We use the Git version control system for the development of SPM. GitHub is used as the collaborative code hosting platform (with a local mirror using Gitea): the authoritative copy of the SPM repository is available at spm/spm.

We provide here instructions to interact with the SPM repository using the GitHub Desktop. This mainly concerns Windows developers – we also mention the command line equivalents when relevant. For Linux users, additional steps are required to enable SSH authentication.

Git Installation

First, please install the GitHub Desktop:

Once installed, you need to authenticate with your GitHub account. To do so, follow the online instructions:

Two-factor authentication (2FA)

Two-factor authentication (2FA) is not required yet but might be by the end of 2023. See here for instructions on how to configure 2FA on your account.

You also need to install a Git command line tool. On Windows, we recommend:

During installation, you can accept most defaults. There are three options to be careful about (“PATH environment”, “line ending conversions” and “default behavior of git pull”), and you should select the choices as below:

PATH environment line ending conversions default behavior of git pull

If you do not have the administrative permissions to install Git as described above, try and install 64-bit Git for Windows Portable to C:\wtcnapps\ and add the directory containing git.exe to the Path environment variable for your account.

Git Configuration

Username and commit email address

Git commits are associated with a name and email address. GitHub then uses the email address to associate commits with your account on It is therefore essential to set these before making any commit (and to set them again on all computers).

The instructions to set your commit name and email address in GitHub Desktop are available here:

Git configuration

Specify your commit name and email address in GitHub Desktop.

The command line equivalent is:

git config --global "Karl Friston"
git config --global ""

If you use another personal email for most of your repositories, make sure to set the SPM repository to specifically use your institutional email address:

git config --local ""

This can also be done with GitHub Desktop by following these instructions.


Note that you can associate multiple email addresses with a single GitHub account.

Merge Strategy

The default of git pull to reconcile divergent branches is to call git merge. Here this default is changed to call git rebase instead. This has the advantage of creating a linear history, like in a traditional SVN workflow.

git config --global pull.rebase true

This is equivalent to using git pull --rebase.

To apply this setting from GitHub Desktop, you need to open the command prompt by selecting Repository then Open in Command Prompt from the top menu and enter the above command line.

Enforcing a linear commit history

Note that the option to require a linear history has been enabled on the SPM repository. This prevents from pushing merge commits to the main branch.

Git autostash

Pull with rebase will fail if you have unstaged changes. One way around this if you’re not ready to commit your changes is to stash the changed before doing a pull (git stash) and then restore then (git stash pop) afterwards. This can be automated by using the autostash option of git rebase.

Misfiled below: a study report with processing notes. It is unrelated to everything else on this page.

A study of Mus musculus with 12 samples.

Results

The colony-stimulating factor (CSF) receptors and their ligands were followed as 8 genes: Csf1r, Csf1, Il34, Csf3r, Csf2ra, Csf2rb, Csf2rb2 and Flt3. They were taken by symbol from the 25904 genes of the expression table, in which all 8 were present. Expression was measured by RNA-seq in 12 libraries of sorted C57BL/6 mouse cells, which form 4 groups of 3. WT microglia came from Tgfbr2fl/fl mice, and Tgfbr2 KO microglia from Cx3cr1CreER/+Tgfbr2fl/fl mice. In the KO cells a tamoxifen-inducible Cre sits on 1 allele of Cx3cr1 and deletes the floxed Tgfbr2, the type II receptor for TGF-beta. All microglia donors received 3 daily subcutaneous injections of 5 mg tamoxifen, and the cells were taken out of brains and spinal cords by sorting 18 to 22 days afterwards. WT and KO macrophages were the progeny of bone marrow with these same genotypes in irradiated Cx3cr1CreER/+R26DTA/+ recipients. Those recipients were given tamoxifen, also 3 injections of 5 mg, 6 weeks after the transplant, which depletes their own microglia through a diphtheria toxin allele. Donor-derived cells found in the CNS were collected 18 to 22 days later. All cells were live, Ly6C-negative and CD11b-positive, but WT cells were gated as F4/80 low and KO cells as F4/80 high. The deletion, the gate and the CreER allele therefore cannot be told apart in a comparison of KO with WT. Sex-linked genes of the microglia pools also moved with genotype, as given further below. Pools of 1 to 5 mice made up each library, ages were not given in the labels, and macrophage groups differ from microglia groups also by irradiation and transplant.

git config --global rebase.autoStash true

This is equivalent to using git fetch followed by git rebase --autostash (or git stash, git pull, git stash pop).

As before, to apply this setting from GitHub Desktop, you need to open the command prompt by selecting Repository then Open in Command Prompt from the top menu and enter the above command line.

Clone the SPM repository

Follow these instructions with the SPM repository: https://github/spm/spm

Git clone

Clone the SPM repository from its GitHub URL.

From the command line, the equivalent is:

git clone

For Linux users, authentication will require SSH key generation.

Git Commits

After editing some files in the main branch, select the changes to include in a commit, write a commit message and push the changes to origin:

From the command line, this is obtained with:

git add spm_example.m
git commit -m "<commit message>"

Ideally, “each commit should be a perfect, atomic unit of change”. Do commit related changes, commit often but don’t commit half-done work (use branch or stash instead).

Commit Messages

Use the imperative and prefix the commit message with one of:

  • New feature
  • Enhancement
  • Bug fix
  • Documentation
  • Refactoring
  • Maintenance
  • Test

You should be able to suffix a commit message to the phrase “If applied, this code will …”.

Commit messages should begin with a short summary of the changes (up to 70 characters) followed by a blank line and the body text, i.e.:

Enhancement: replace this with that in such and such

Longer description that might contain bullet points:
* item 1
* item 2

Git Workflow

We are using a Centralised Workflow. This is also called Trunk Based Development (see this article for a discussion). Popular other workflows include GitHub Flow and Gitflow.

Git clone

git pull is used to incorporate upstream changes into the repository. The --rebase option tells Git to move all of the local commits to the tip of the main branch after synchronising it with the changes from the central repository. Extracted from the Atlassian documentation.

Pull Requests

Recommendation for pull request reviewers: When merging, we generally like squash+merge. Unless it is the rare case of a PR with carefully staged individual commits that you want in the history separately, in which case merge is acceptable, but usually prefer squash+merge.